Le Committee to Protect Journalists—un groupe que the American Journalism Review nomme “Journalism’s Red Cross” (la Croix Rouge des journalistes)—vient de rendre son rapport sur la liberté de la presse sous l’administration Obama. Et le moins que l’on puisse dire, c’est que le résultat ne parle pas en faveur de l’occupant de la Maison Blanche.
Car si les journalistes sont espionnés à travers leurs appels téléphoniques, leurs E-mails et SMS, les membres de l’administration aussi, créant un climat d’insécurité qui effraye les officiels de l’administration.
Six government employees, plus two contractors including Edward Snowden, have been subjects of felony criminal prosecutions since 2009 under the 1917 Espionage Act, accused of leaking classified information to the press—compared with a total of three such prosecutions in all previous U.S. administrations. Still more criminal investigations into leaks are under way. Reporters’ phone logs and e-mails were secretly subpoenaed and seized by the Justice Department in two of the investigations, and a Fox News reporter was accused in an affidavit for one of those subpoenas of being ‘an aider, abettor and/or conspirator’ of an indicted leak defendant, exposing him to possible prosecution for doing his job as a journalist. In another leak case, a New York Times reporter has been ordered to testify against a defendant or go to jail.”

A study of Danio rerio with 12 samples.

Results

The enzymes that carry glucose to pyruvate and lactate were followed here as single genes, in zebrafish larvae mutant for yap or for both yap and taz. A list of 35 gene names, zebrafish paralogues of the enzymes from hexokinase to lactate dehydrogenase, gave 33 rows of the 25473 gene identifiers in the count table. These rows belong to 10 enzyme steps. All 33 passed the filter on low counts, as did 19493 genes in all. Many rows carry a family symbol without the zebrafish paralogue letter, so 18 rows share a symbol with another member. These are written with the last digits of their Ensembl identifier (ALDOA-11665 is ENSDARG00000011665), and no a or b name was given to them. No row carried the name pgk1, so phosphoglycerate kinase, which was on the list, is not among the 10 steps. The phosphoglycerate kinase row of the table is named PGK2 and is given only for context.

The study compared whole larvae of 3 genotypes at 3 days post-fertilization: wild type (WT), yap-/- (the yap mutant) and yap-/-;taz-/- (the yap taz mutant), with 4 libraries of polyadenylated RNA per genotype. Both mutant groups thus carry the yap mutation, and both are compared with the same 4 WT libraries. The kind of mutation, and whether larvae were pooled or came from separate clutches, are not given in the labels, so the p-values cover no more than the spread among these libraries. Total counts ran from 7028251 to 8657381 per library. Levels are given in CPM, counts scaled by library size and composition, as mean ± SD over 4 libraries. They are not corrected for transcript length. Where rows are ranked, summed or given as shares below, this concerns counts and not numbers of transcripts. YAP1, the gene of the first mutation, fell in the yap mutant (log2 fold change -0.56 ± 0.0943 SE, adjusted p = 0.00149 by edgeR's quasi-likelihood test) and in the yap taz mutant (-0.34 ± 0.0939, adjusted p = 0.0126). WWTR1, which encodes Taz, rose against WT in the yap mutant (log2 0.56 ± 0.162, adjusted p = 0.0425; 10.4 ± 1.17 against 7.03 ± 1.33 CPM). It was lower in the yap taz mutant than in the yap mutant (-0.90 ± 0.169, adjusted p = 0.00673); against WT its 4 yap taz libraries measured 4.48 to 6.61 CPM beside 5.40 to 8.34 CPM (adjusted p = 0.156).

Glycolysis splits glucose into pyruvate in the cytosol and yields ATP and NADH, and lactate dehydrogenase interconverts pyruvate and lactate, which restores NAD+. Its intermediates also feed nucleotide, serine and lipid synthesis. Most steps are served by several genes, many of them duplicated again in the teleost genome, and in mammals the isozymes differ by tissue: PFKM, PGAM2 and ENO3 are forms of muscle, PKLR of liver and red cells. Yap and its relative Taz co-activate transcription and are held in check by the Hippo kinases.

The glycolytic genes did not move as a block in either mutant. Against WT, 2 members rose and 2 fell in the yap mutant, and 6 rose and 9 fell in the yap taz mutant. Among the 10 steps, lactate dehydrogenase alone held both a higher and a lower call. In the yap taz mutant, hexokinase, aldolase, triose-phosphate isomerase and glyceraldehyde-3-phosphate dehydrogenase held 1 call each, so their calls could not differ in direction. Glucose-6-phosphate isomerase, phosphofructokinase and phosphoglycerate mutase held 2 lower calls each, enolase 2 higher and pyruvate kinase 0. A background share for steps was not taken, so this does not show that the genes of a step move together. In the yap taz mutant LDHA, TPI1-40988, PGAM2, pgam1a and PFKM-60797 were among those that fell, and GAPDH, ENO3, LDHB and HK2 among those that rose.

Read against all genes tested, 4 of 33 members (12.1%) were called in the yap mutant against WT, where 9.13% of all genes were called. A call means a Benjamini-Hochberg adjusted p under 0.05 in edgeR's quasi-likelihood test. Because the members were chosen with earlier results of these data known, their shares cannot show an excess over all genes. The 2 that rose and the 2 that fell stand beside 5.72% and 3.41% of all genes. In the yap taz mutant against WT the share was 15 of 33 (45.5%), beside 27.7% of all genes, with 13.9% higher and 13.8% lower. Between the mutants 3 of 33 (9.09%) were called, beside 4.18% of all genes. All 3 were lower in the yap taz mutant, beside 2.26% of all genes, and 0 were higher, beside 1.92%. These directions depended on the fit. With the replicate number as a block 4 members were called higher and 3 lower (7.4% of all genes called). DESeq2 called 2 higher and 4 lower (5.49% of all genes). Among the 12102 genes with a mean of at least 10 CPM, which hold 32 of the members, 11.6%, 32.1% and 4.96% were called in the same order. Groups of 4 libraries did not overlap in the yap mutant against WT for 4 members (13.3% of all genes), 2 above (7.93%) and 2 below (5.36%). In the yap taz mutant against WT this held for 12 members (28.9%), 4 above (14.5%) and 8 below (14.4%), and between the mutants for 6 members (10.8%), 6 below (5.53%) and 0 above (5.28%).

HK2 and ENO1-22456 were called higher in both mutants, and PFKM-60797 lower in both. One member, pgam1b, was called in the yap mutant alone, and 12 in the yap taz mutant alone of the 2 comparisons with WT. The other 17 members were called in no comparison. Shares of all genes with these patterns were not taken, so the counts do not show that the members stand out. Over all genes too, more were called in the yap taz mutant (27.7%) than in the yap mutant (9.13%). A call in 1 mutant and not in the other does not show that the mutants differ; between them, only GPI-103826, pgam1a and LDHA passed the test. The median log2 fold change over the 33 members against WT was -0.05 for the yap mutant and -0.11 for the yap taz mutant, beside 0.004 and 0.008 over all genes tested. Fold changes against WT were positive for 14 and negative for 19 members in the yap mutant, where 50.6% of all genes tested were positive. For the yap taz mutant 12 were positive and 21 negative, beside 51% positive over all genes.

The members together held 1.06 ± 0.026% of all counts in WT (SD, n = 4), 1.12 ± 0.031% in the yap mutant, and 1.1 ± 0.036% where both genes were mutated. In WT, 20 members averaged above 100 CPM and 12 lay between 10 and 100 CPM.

Le rapport montre comment les révélations sur la NSA ont effrayées les journalistes et leurs sources.
‘I worry now about calling somebody because the contact can be found out through a check of phone records or e-mails,’ said veteran national security journalist R. Jeffrey Smith of the Center for Public Integrity, an influential nonprofit government accountability news organization in Washington. ‘It leaves a digital trail that makes it easier for the government to monitor those contacts,’
L’auteur du rapport conclu:
The administration’s war on leaks and other efforts to control information are the most aggressive I’ve seen since the Nixon administration, when I was one of the editors involved in The Washington Post’s investigation of Watergate. The 30 experienced Washington journalists at a variety of news organizations whom I interviewed for this report could not remember any precedent.”